A study conducted by Cordant Health Solutions and Northwest Integrated Health in Tacoma, Washington, found that opioid use disorder patients who had been prescribed buprenorphine demonstrated higher rates of retention and improved health outcomes when they could receive their medication at office visits and no longer needed to fill such prescriptions at pharmacies.
Results of the study were published in the Journal of Substance Abuse Treatment.
A total of 154 patients who were within the first three months of treatment served as the in-office managed pharmacy program group whose buprenorphine prescriptions were filled by pharmacies and delivered to their treatment clinics, to be received by patients at office appointments.
Compared with a control group of previous patients who had obtained their prescribed buprenorphine at retail pharmacies, the study group demonstrated:
- 52% higher retention in treatment after six months
- 46% fewer positive screenings for opioids
- 41% fewer drug-related emergency department visits
“Historically, the concept of access to treatment for OUD primarily focused on a patient's access to a provider who can treat and prescribe without considering obstacles to receiving the medication itself from retail pharmacies,” Asif Khan, MD, SAP, FASAM, CEO and chairman of NWIH and co-author of the study, said in a statement.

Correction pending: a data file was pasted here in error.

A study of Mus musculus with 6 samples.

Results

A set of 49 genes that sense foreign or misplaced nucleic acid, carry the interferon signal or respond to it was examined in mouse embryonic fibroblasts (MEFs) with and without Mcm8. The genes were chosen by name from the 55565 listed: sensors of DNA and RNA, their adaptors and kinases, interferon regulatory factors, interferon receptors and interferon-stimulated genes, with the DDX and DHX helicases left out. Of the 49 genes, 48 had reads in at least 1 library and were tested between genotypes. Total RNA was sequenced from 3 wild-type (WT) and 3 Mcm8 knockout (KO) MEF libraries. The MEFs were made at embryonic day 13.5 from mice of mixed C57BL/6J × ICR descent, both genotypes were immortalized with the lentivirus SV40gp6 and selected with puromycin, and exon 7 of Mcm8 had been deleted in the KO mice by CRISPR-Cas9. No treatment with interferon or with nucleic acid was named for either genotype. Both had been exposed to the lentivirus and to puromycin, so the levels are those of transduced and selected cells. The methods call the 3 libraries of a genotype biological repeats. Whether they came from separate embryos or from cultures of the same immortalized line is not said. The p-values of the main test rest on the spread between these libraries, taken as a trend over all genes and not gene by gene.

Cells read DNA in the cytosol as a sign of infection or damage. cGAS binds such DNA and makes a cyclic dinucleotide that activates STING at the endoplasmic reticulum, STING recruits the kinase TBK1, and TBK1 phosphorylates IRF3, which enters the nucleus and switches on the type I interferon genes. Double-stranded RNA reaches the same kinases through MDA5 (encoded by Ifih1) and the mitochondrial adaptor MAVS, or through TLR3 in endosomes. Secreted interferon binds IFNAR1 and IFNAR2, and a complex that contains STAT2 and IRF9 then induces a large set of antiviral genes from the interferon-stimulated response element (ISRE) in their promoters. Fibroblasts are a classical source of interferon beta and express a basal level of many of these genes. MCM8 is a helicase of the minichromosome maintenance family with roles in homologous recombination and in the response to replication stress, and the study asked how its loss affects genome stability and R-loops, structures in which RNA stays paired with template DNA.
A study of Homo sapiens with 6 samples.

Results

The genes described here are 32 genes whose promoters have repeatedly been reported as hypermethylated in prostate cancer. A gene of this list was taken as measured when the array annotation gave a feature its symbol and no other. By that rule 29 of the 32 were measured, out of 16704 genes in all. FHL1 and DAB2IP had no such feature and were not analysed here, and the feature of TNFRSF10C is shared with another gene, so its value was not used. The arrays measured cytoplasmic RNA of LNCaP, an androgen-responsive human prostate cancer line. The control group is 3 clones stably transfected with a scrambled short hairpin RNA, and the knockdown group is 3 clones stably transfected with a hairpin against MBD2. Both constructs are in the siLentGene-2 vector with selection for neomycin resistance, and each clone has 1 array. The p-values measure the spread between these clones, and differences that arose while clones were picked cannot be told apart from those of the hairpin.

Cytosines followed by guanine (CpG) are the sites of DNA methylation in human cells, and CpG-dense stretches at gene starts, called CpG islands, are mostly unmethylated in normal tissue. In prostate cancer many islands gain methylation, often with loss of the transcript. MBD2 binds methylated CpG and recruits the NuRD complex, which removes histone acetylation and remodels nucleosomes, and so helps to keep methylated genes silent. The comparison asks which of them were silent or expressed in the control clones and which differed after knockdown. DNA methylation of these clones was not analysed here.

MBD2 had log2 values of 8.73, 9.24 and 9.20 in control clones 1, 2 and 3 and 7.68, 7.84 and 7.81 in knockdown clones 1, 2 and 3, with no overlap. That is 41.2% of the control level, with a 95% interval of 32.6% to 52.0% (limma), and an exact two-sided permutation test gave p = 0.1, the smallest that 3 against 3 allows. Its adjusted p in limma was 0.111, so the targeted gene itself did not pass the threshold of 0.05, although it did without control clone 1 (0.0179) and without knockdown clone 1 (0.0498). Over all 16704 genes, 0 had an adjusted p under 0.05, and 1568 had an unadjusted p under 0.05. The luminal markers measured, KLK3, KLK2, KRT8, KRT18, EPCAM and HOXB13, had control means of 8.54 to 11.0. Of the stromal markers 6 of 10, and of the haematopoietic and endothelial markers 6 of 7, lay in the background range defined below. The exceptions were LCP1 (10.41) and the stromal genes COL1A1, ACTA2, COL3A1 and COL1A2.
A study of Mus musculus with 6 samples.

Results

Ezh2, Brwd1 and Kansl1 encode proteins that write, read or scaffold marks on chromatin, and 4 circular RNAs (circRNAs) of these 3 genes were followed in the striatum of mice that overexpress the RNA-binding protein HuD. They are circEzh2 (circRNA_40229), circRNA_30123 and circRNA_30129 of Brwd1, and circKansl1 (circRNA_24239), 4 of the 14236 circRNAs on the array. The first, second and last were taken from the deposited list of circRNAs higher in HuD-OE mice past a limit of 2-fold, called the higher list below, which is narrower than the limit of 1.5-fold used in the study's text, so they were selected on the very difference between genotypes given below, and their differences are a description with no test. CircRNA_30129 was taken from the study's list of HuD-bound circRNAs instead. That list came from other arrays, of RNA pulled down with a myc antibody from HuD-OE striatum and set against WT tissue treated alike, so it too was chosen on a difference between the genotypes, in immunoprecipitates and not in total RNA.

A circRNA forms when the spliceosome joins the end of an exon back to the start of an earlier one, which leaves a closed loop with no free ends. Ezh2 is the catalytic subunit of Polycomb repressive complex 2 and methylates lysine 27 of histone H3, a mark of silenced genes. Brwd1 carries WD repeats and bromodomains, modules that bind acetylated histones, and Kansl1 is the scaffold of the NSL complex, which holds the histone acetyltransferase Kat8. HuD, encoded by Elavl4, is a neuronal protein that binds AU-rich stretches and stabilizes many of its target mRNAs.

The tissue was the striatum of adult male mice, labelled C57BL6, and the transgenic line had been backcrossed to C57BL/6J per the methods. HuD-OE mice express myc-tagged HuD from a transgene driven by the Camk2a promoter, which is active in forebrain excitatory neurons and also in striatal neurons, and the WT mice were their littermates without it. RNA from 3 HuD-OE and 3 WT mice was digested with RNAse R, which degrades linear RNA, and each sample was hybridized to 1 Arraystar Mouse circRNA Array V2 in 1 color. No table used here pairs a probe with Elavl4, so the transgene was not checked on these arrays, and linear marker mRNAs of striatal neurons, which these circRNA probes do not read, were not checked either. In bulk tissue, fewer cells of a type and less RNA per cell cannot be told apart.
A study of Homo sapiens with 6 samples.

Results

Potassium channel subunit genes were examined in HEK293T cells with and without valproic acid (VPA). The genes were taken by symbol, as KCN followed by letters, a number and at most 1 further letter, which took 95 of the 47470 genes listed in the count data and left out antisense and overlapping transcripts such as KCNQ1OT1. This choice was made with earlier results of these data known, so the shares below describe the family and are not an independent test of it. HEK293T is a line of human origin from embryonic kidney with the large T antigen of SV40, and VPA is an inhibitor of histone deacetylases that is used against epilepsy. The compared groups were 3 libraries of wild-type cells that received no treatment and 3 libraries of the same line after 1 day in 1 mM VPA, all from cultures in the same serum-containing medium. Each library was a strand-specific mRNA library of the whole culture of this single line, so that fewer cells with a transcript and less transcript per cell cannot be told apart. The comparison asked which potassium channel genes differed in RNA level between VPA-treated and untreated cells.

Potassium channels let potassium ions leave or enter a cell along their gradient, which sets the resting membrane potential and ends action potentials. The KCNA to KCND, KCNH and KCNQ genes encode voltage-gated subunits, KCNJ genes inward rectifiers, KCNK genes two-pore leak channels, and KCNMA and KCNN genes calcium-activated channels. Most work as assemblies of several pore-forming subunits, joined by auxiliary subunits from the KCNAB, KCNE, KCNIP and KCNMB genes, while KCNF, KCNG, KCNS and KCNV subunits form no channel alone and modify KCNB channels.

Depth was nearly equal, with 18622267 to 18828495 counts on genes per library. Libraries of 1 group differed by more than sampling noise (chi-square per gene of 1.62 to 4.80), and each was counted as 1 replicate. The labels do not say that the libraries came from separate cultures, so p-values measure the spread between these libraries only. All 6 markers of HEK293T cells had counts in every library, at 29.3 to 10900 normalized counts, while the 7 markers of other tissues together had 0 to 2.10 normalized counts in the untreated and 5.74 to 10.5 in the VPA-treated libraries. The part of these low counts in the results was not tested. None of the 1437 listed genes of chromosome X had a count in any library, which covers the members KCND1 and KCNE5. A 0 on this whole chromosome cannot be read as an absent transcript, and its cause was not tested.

“Barriers like transportation can be challenging for this patient group, so to ask them to go to another location after their clinic visit adds an additional hurdle they have to overcome. Then they need to find a pharmacy that regularly stocks addiction treatment medication and doesn't treat them like a drug addict. Unfortunately, this poses a real threat to their sobriety, and that's why I believe these study outcomes are so meaningful.”